On Eliot and topic: Eliot chooses Tiresias to have the central vision of
TWL (what Tiresias sees. . .) apparently because Tiresias has seen past
and future and been male and female. That is his role in Antigone also--to
see what is hidden and what Creon insists can ONLY be corrupt or false
or naive or greedy but not possibly right if it disagrees with him because
he is the state. He listens to no one because he knows he is right. But
he is not right. Tiresias frightens Creon because he knows Tiresias has
been right in every instance.
Creon calls everyone names and attributes bad motives to them, but it
does not make him right.
I am increasingly coming to the view that The Waste Land is as much
about WWI or at least as much evoked by the War as by anything else in
Eliot's life. He found it profoundly disturbing and its effect on his life
intolerable. And after the war he worked on reparations and hated the
impact of the treaty. Interestingly, when in Germany immediately before
the War, he agreed with the Germans. When he escaped Germany in
August 1914 and got back to London, he completely changed his mind. It
depended on the news he was getting, and he says he heard no other
views while in Germany.
We, too, are able to respond to what we hear, but the electronic age, if
nothing else, does spread many opinions instantly for those who bother to
read them. And the fact that Europeans disagree with the US government
does not seem to differentiate them from the majority of Americans (59%)
who want the UN to have more time.
The Times/CNN poll numbers (the most recent), for the record:
2/3 of Americans support war----AS AN OPTION
59% believe the UN should have more time
62% believe we should NOT act without allies
AND, perhaps more telling, 42% of Americans believe Sadam Hussein
was involved in 9/11-----a FALSE assumption being encouraged by the
administration even if not directly said. A man in Maine interviewed on tv
this week gave that as his reason for supporting war. If that 42% knew it
was false, who knows what it would do for the very qualified "support"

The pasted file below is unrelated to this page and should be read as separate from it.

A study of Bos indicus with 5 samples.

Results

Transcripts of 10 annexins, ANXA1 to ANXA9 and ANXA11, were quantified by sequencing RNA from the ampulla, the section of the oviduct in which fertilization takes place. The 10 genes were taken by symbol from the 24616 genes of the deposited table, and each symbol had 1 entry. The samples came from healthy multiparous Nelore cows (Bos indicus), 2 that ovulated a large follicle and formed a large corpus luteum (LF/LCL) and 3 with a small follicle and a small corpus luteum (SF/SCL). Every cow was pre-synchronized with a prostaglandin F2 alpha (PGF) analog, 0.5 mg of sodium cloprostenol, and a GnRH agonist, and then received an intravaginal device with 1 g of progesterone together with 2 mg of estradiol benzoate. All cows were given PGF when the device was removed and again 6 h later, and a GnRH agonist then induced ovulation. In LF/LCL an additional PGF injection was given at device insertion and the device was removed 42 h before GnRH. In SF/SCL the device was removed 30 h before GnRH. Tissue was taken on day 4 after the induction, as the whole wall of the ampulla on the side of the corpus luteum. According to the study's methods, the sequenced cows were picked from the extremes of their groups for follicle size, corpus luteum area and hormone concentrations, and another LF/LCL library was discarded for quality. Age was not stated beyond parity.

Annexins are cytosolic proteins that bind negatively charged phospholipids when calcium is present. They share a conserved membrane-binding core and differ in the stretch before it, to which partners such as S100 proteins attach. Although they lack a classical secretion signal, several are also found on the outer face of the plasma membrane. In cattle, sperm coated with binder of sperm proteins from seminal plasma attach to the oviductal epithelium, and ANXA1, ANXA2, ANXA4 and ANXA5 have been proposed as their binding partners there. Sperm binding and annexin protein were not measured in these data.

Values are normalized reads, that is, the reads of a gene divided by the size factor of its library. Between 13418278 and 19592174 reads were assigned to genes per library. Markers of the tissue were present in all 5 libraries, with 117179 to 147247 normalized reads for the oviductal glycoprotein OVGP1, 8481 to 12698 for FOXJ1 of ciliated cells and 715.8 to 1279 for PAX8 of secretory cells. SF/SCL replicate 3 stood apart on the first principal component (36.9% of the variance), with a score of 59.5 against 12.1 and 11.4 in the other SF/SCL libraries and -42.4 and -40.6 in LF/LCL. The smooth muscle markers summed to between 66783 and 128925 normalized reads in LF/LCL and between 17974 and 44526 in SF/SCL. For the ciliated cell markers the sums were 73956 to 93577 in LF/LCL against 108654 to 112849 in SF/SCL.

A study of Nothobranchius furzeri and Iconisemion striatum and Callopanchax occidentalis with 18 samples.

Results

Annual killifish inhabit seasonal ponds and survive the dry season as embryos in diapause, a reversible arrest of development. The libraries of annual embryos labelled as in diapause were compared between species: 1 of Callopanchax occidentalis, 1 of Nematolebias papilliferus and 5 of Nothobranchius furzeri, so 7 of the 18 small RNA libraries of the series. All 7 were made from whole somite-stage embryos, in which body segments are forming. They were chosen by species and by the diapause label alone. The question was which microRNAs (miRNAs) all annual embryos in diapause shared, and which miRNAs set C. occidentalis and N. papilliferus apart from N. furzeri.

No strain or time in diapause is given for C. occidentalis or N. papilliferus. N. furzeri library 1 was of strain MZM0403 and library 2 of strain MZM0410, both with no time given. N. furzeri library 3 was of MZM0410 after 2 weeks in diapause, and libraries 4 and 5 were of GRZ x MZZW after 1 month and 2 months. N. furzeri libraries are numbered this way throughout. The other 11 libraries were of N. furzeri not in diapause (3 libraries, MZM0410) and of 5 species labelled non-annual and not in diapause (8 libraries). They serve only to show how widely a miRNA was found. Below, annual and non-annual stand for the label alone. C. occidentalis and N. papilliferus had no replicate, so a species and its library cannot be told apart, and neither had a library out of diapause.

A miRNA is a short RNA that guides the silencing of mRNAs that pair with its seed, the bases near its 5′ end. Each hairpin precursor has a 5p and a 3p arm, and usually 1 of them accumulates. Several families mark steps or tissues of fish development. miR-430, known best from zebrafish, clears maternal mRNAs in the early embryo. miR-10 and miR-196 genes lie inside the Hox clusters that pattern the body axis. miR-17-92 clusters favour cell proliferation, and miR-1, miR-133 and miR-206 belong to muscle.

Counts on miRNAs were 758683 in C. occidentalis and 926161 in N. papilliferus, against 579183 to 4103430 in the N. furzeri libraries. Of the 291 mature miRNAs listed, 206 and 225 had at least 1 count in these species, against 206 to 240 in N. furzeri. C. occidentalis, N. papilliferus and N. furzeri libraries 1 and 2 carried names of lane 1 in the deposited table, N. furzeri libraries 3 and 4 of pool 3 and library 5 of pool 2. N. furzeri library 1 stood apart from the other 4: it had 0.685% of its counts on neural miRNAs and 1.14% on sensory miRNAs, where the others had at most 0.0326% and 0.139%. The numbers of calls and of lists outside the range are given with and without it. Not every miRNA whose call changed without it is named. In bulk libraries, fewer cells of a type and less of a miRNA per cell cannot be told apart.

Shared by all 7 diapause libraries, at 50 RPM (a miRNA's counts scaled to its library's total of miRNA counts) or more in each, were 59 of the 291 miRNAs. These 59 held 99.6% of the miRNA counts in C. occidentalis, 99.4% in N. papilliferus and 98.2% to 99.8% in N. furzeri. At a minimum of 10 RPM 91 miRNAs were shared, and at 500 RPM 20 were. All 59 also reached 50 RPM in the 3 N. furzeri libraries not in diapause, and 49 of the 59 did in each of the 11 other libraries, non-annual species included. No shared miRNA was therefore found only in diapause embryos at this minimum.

As it happens, we are not threatening war against Saudi Arabia, where
most of the hijackers came from and where no one has any rights either.
So the idea mentioned in another post that it is a matter of whom to
believe seems irrelevant. It seems a fact--from the above figures--that
belief in persons is not a very useful basis for support.
Certainly Eliot never burdened himself by believing in the statements of
persons as opposed to his own thinking through of ideas. More important,
I think the figure of Tiresias in TWL is significant here as a bridge: Tiresias
reminds us of the historical and cyclical repetition of the same claims and
the same forms of arrogance and error. And TWL reminds us of the
meaning of war and destruction--an aftermath of despair and death without
any clear achievement or improvement. What WWI led to was WWII.
Date sent: 0000,0000,8000Sat, 22 Feb 2003 12:09:14 -0600
Send reply to: 0000,0000,8000"T. S. Eliot Discussion forum." <<[log in to unmask]>
From: 0000,0000,8000Carrol Cox <<[log in to unmask]>
Subject: 0000,0000,8000Re: Where is Tiresias when we need him/her?
To: 0000,0000,8000[log in to unmask]
Nancy Gish wrote:
> And how is this different from the fact that every country has fools,
> makes mistakes, does terrible things, and has masses of people who read
> foolish books? I'm sure you know anyone could list the same for
Let us assume that all concerned in this complex of issues are sensible
and know what they are doing. What is involved is not differences in
"intelligence" or "courage" but real material clashes of interest, under
given historical conditions. (And incidentally, what is in the interest of
a given state is _not_ necessarily in the interest of the inhabitans of
that state. In fact I would argue that the actions of France and Germany
are more in the interests of ordinary Americans than are the actions of
the u.s. state.)
What the French and many other Europeans (including apparently a
majority of the English population) recognize is that the main threat to
world peace in the 21st century is the United States. As I stated in an
earlier post, "A U.S. Army occupying Iraq would have its finger on the
carotid artery of Europe and Japan." I believe the leaders of the EU (as
well as masses of their citizens) are aware of this fact, and aware that
it is vital to their interests to oppose u.s. expansionism. But the
present balance of forces is such (i.e., U.S. global hegemony is stable
enough) that they cannot openly move against the U.S., though it would
bboth in their interests _and_ in the interests of the vast majority of
Americans, were they able to do so.
Hence their present pretense, of being foot-dragging "allies" of their
real enemy (the U.S.), is probably their most sensible policy.
If the U.S. continues on its present course, within a generation the
United States and the E.U. will be on the verge of open warfare
(probably nuclear warfare). It is in the interest of humanity that the
U.S. be stopped.
I don't read Kate's posts, but I gather that she is essentially standing
by the principles of Kipling's "White Man's Burden." The best answer,
perhaps, is Mark Twain's "To the Person Sitting in Darkness."
Or perhaps Gandhi's response to a question as to what he thought of
western civilization: "I think it would be a good idea."
Nancy's reference to _Antigone_ is perhaps quite relevant. Creon claims
that he is defending "Order." In effect Antigone agrees with him on the
basic issue of order, but she maintains that his act is an act of anarchy,
not of order. The U.S. is now creating disorder, not order, in the world.